Tanya Huff, Long Hot Summoning (DAW, 2003)
The world is once again in peril in Long Hot Summoning, the third installment in Tanya Huff's The Keeper's Chronicles. But this time, the danger doesn't come from a portal to Hell. Oh no, this time it's worse. Much worse. This time, a shopping mall sitting on the boundary of our world and the next could spell the end of everything we know, just in time for some truly hellish back-to-school sales.
Diana Hansen, Keeper-in-training, is looking forward to graduating high school so she can become a Keeper for real, just like her big sister Claire (star of Summon the Keeper and The Second Summoning), now the proprietor of a very special boarding house. Mainly so she can show Claire how to do it right, with that typical teenager attitude. What Diana and her angel-turned-cat (don't ask), Sam, don't expect, is that her first call as a Keeper will hit exactly one minute after she steps out of school for the last time. And now Diana and Sam are in for the challenge of their lives, as they race against the clock to repair the damaged boundaries of the world before things get very bad indeed.
Meanwhile, over at the Elysian Fields Boarding House, things are business as usual for Claire, her cat Austin, and resident handyman and boytoy (I mean boy-friend), Dean, as they continue to attract a very special segment of the population. You know, vampires, werewolves, retired gods, midget basketball teams, on-the-run arachaeologists and their returned-to-life mummy lovers and the deranged hunter trying to slay said mummy.... Hey, at least the portal to Hell in the basement was closed! Despite things looking just dandy on the surface, it becomes clear to Austin's catlike perception that Dr. Rebik and the undead Meryat are hiding more than anyone thought, and poor Dean, left in charge of the place for a little while, may be at risk of losing his soul, if not his life.
But hey, it could be worse. After all, Diana, Sam, and Claire are busy in another dimension, trying to aid a version of King Arthur and mallelves in freeing the mall from the dreaded evil-without-a-good-name.
I'm sorry. Let me rephrase that.
Our heroes team up with King Arthur as filtered through an anime archetype, and a bunch of mallrats turned elves, in order to defeat an aspect of Hell, free a multidimensional shopping mall, and prevent a worse evil from unbalancing our world, while back at the Elysian Fields Boarding House, the relatively naive handyman and a grumpy talking cat fight a resurrected mummy.
I'm serious. It's an urban fantasy comedy.
Look, if you're going to laugh, we can just move to another review.
What's that? Laughing with me, not at me? Oh, fine.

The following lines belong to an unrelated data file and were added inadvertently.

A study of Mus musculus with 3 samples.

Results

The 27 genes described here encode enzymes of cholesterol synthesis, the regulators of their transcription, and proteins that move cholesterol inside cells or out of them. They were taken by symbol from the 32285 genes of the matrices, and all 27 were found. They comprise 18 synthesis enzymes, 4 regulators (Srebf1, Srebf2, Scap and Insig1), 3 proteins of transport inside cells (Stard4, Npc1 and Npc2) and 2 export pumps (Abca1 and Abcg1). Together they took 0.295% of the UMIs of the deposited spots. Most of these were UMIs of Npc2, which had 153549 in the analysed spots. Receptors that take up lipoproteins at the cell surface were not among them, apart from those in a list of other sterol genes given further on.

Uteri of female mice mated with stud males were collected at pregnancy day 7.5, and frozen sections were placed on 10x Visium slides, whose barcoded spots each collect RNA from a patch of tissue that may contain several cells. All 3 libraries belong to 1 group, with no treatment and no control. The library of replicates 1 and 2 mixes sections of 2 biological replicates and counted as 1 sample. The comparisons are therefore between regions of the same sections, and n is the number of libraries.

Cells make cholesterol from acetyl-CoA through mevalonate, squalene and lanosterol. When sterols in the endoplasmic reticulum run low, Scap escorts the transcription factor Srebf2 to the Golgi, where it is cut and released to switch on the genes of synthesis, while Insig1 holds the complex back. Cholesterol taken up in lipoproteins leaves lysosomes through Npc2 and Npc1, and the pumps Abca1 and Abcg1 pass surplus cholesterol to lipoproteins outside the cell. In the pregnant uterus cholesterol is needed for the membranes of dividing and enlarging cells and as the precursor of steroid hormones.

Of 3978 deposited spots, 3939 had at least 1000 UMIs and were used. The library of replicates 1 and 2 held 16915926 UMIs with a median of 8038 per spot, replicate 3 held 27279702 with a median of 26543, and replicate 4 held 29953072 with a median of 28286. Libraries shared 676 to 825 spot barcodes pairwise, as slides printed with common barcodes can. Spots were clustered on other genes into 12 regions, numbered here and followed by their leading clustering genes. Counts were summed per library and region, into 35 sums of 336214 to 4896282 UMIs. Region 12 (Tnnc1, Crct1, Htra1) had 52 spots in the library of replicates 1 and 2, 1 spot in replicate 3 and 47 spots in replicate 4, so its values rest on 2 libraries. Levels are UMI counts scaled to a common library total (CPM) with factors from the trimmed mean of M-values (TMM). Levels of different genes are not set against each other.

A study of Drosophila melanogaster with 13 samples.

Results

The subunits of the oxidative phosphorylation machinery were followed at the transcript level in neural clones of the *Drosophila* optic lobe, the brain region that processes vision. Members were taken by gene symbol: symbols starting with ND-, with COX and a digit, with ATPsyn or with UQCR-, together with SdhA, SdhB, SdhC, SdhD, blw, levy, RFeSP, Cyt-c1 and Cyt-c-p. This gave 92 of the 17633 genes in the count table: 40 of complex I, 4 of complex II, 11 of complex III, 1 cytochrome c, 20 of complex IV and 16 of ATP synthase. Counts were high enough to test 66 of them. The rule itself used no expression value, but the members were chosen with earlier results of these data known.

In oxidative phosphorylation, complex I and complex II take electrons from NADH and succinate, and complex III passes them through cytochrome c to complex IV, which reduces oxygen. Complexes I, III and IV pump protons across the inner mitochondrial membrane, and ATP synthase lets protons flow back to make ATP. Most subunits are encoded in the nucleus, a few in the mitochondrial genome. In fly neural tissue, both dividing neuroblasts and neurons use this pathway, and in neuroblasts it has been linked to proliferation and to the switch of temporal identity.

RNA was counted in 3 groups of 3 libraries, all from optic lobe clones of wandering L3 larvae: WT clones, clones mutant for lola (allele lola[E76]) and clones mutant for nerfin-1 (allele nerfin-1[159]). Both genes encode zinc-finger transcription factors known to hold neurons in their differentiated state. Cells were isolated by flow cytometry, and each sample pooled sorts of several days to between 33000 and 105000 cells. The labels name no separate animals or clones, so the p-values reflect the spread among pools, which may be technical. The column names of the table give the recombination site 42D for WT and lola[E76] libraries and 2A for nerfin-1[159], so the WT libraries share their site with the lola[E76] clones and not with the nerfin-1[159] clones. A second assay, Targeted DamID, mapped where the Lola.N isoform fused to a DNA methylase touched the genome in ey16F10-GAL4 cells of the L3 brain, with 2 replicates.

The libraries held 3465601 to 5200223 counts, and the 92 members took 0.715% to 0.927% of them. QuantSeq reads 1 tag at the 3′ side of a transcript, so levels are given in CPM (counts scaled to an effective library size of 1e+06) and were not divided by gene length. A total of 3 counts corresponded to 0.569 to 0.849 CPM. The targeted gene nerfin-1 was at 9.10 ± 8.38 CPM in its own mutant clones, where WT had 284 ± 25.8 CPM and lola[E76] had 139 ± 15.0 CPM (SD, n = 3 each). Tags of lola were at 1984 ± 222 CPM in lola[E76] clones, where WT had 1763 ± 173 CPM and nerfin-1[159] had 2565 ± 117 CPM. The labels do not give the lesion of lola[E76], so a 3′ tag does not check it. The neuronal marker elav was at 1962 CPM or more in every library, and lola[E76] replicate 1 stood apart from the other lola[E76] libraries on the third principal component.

Long Hot Summoning is actually clever, quick, and tongue-in-cheek, filled with interesting twists and shareworthy turns of phrase. It's just outrageous enough to be entertaining, and it manages to take itself just seriously enough that it doesn't degenerate into mindless pratfalls. This is a world where words have power, and our heroes have to be careful what they say, simply because it can be taken literally. Cursing is a no-no, and as for ground-shakingly good sex ... er, anyway. There are Rules to be followed for both good and evil, and breaking one allows the other side to do the same. Once again, things have to be done subtly at times. The dangers are real, even if they're not all-encompassingly nasty. So maybe Hell talks to itself and argues with its aspects. So maybe those aspects have dreams of being promoted to having names. So teenagers trapped in a mall can become elves, and the archetypical leader figure of Arthur isn't what we expect. What's important is that as far as urban fantasy with humor goes, this is right up there with some of Esther Friesner's books for sheer amusement value.
Characterization continues to be a plus. Not only is Diana fleshed out a lot more as she takes the spotlight, but Sam and Austin both get enough screen time to really shine, and Huff captures the personalities of the cats perfectly. New ally Kris is a welcome addition, especially as her worldly view and no-nonsense attitude make her a nice contrast to the portrayal of the Keepers.
My only complaint with this book is that the ending is abrupt. I mean majorly so. Certain things are resolved with a breakneck pace that left me with whiplash. I wish Huff had taken ten or twenty more pages to flesh out the very ending on a more graceful note. I can only hope there's another book in the series, because there's plotlines I'd love to see continued, especially with regards to Diana's emotional maturation and growing relationship with the other characters.
All in all, Huff turns in another entertaining, whimsical tale of the Keepers, one that'll make a great summer read.
[Michael M. Jones]
The SF Site has a Tanya Huff reading list.